Deepfakes aren’t all video sleuths need to worry about in the future. This week, Nvidia announced that its GPU Technology Conference (GTC) was made almost entirely with its own Omniverse CG platform, and the event happened in April. For months, Nvidia fooled everyone into believing its GTC 2021 conference was real — and we’ll see a lot more of that in the coming years.
Since the start of the pandemic, Nvidia CEO Jensen Huang has delivered keynotes from his kitchen. GTC 2021 still featured a kitchen keynote, but this time with an entirely virtual kitchen made in Omniverse. Even more impressive, the Nvidia team managed to create a CG model of Huang that delivered part of the keynote.
Of course, the conference wasn’t entirely fake. Huang still spoke, and the CG model was only on screen for a brief time. “To be sure, you can’t have a keynote without a flesh and blood person at the center. Through all but 14 seconds of the hour and 48-minute presentation — from 1:02:41 to 1:02:55 — Huang himself spoke in the keynote,” Nvidia wrote in a blog post.
Omniverse is Nvidia’s platform for creating and animating 3D models in a virtual space. It uses simulations, material assets, and lighting like other 3D programs, but accelerates them with Nvidia RTX graphics cards. That gives designers a chance to view ray-traced lighting in real-time to adjust the scene accordingly.
As the name implies, Omniverse connects artists and the tools they use. The platform itself supports real-time collaboration, and it brings together assets from multiple 3D applications. In the Connecting in the Metaverse documentary (above), Nvidia specifically calls out Unreal Engine and Autodesk Maya, which some designers used to make the GTC conference along with Omniverse.
Virtual conferences are the new normal for many tech companies, and although some boil down to nothing more than a PowerPoint presentation and a speaker, Nvidia showed that they can be much more. What’s surprising about the GTC 2021 keynote isn’t that it was virtual, but that Nvidia was able to hide that fact for months.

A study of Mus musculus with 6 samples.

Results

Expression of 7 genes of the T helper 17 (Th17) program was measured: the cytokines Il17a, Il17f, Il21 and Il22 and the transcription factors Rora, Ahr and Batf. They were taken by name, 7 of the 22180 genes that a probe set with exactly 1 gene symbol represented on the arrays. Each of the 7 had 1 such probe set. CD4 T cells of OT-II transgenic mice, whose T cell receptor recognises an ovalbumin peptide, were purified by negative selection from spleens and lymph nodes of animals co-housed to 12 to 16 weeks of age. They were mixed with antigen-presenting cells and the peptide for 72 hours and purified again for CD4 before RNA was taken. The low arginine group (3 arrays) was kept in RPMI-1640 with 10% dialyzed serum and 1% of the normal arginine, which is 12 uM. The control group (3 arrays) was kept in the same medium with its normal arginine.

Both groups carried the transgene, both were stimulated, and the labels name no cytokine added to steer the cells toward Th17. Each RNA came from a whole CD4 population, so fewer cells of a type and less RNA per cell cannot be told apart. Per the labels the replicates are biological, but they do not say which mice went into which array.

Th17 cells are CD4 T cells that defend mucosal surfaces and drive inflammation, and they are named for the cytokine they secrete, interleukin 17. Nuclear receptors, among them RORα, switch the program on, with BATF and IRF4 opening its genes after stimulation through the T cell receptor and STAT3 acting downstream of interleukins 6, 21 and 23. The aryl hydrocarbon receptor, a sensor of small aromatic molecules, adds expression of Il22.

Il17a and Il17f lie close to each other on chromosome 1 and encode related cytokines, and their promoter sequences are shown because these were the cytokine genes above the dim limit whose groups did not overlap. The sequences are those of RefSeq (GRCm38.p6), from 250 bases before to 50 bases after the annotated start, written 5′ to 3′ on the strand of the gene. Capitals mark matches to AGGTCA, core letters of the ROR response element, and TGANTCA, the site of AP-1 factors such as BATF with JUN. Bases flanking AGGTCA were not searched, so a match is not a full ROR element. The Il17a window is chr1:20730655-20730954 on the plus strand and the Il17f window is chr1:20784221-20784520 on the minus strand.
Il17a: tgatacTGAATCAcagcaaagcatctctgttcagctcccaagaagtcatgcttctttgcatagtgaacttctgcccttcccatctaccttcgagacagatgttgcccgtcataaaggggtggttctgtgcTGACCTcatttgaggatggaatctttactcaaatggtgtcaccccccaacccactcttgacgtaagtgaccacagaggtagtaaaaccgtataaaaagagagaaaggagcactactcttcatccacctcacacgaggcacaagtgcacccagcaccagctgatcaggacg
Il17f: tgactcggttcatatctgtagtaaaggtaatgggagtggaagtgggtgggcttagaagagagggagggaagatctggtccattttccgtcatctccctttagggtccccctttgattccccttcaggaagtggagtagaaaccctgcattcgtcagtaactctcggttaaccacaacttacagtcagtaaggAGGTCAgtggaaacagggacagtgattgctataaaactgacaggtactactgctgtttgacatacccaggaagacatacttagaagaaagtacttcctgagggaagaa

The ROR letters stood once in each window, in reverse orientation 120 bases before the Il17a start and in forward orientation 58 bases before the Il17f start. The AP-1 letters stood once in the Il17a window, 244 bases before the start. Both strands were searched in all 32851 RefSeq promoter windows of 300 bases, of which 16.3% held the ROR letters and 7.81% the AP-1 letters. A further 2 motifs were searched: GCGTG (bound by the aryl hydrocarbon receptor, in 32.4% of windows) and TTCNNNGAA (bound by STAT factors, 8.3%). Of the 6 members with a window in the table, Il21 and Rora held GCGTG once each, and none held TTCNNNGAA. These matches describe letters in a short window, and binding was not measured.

It underscores just how easy it is to trick a large audience into believing graphics are real, and it’s something that we’ll continue to see for years to come. “If we do this right, we’ll be working in Omniverse 20 years from now,” Rev Lebaredian, vice president of Omniverse engineering and simulation at Nvidia, said.
Still, the technology isn’t perfect. During the brief time CG Huang is on screen, it’s easy to see that CG is at work thanks to some stiff animation and a slightly out-of-sync voiceover. The kitchen is a different story. Even after rewatching GTC 2021 knowing that the kitchen is fake, it’s almost impossible to spot the difference between the Omniverse model and the real thing.
And now, tools for developing these kinds of models are easier than ever to access. In addition to free programs like Blender, there are tools like Unreal Engine’s MetaHuman, which can generate a realistic character model in less than an hour.
That’s exciting for the world of CG, but it carries a worry. The rise of deepfakes over the past few years has made it more difficult to tell real from fake, and as Nvidia proved with its GTC 2021 conference, you can trick a large audience into believing something rendered by a computer is real.
Hopefully, those tools will be used for good, like a months-long grift where Nvidia held its tongue about a virtual conference that everyone thought was real.